JOURNAL ARTICLE

Community-acquired methicillin-resistant Staphylococcus aureus pneumonia: radiographic and computed tomography findings

Elsie T Nguyen, Jeffrey P Kanne, Linda M N Hoang, Steven Reynolds, Vinay Dhingra, Elizabeth Bryce, Nestor L Müller
Journal of Thoracic Imaging 2008, 23 (1): 13-9
18347514

OBJECTIVE: The aim of our study was to review the radiologic findings of community-acquired methicillin-resistant Staphylococcus aureus (CA-MRSA) pneumonia.

MATERIALS AND METHODS: The hospital infection control computer database was used to identify patients who had a CA-MRSA infection with organisms isolated from blood, bronchoalveolar lavage fluid, or pleural fluid samples. Criteria for CA-MRSA pneumonia were consolidation seen on chest radiography or computed tomography (CT), growth of MRSA from sputum and/or sterile pulmonary site, clinical complaints of cough and/or shortness of breath. Chest radiographs and CT scans for 9 patients (5 men, mean age 45 y, range 35 to 71 y) were retrospectively reviewed by 2 chest radiologists.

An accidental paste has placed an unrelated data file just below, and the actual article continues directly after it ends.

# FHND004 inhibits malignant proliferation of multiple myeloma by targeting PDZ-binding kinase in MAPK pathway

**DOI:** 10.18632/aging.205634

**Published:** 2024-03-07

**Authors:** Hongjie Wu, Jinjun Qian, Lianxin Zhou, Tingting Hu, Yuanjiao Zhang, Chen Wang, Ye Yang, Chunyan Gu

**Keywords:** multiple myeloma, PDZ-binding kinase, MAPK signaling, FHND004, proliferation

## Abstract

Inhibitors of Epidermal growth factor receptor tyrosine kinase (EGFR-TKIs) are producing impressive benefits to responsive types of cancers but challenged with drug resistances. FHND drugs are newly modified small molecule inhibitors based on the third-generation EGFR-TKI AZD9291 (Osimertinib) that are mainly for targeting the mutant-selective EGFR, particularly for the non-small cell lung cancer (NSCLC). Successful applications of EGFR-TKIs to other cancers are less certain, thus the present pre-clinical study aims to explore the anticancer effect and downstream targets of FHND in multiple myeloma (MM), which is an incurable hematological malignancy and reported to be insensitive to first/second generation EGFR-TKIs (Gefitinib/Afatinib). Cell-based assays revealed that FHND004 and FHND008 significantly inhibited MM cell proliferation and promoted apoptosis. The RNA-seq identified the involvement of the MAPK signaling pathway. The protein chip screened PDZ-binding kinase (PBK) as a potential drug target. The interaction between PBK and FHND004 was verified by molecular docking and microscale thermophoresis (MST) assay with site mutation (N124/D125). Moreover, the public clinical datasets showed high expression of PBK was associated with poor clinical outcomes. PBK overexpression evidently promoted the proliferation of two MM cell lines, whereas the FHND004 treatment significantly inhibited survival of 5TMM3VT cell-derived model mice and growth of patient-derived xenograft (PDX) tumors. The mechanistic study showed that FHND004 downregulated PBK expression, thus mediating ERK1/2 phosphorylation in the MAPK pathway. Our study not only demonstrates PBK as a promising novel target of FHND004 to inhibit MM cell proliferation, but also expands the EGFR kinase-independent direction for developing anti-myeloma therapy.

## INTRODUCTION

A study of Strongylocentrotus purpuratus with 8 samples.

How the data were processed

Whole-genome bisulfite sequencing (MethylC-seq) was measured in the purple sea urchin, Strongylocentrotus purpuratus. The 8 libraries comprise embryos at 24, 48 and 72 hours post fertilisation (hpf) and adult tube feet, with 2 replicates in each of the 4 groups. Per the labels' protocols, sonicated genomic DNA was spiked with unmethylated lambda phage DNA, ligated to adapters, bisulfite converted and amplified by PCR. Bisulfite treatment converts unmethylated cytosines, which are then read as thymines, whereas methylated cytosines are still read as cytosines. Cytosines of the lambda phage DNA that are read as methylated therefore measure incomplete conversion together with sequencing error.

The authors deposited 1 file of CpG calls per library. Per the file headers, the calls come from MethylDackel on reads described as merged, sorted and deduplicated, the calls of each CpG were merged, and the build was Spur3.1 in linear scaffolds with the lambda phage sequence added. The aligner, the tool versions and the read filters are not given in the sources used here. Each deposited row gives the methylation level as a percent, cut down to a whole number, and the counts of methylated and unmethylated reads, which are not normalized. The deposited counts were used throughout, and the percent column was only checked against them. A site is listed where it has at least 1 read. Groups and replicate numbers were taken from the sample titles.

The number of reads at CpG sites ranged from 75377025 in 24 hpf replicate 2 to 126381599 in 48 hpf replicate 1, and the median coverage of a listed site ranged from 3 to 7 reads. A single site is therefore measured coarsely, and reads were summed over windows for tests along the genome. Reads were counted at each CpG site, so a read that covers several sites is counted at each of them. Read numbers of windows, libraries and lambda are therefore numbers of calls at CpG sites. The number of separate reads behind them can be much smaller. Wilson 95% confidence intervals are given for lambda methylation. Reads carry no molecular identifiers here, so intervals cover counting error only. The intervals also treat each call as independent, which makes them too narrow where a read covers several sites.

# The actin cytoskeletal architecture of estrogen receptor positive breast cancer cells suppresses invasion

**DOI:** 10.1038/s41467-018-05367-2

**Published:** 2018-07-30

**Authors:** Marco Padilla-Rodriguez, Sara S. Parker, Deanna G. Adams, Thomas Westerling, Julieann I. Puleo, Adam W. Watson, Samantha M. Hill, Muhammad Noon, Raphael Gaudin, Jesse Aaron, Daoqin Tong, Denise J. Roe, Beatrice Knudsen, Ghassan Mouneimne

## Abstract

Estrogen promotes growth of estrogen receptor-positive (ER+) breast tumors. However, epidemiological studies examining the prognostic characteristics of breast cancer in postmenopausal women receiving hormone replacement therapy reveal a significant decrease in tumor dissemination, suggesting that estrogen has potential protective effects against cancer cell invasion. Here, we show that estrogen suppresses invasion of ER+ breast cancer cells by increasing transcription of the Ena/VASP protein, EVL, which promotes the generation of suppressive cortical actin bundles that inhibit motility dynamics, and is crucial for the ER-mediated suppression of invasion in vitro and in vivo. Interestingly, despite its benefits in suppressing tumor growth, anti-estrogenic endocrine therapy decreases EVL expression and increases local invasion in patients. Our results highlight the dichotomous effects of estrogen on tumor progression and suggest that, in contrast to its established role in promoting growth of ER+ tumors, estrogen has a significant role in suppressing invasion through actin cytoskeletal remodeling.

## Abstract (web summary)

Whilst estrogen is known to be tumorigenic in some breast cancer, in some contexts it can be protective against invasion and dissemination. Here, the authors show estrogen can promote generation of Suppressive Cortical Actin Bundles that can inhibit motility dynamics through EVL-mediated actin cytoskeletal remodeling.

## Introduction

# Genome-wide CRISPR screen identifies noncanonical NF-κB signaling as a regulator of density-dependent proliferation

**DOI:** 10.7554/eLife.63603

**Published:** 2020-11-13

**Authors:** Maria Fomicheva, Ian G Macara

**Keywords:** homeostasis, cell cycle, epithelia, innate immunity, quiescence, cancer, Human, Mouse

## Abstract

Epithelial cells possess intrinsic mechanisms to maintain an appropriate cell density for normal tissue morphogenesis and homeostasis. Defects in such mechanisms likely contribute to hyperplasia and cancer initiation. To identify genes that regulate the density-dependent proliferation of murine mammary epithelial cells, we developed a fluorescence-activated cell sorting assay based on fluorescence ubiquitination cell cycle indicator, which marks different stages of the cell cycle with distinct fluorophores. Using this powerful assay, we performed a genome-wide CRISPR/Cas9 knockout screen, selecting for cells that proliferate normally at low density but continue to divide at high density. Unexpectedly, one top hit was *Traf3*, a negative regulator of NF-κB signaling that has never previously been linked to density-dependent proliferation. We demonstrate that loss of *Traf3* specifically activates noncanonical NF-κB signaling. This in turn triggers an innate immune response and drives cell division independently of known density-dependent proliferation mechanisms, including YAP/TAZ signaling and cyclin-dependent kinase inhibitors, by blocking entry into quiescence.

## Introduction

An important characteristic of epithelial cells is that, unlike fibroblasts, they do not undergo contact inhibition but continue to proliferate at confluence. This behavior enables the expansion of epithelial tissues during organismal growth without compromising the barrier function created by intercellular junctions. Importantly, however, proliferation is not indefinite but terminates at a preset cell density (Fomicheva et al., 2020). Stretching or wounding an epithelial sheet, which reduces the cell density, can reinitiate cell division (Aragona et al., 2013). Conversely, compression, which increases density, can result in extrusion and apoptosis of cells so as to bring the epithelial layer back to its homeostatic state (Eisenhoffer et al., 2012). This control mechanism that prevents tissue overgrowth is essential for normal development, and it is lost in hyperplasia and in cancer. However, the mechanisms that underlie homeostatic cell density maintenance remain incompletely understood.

RESULTS: The most common chest radiographic finding was consolidation, which was bilateral in 7 patients and unilateral in 2 patients. The consolidation was patchy and nonsegmental in 5 and segmental in 4 patients. Two patients had cavitation evident on the chest radiograph. The most common CT scan findings were bilateral (n=8), often symmetric (n=5) consolidation, bilateral septal lines (n=7), and multiple nodules (n=5). Cavitation was present in 5 patients, either in regions of consolidation (n=5) or in large nodules (n=3). Five patients with CA-MRSA pneumonia had rapid clinical deterioration requiring ventilatory support. Two patients died.

CONCLUSIONS: CA-MRSA pneumonia is characterized by extensive bilateral consolidation and frequent cavitation and is commonly associated with rapid progression and clinical deterioration. CT is superior to radiography in demonstrating the presence of cavitation.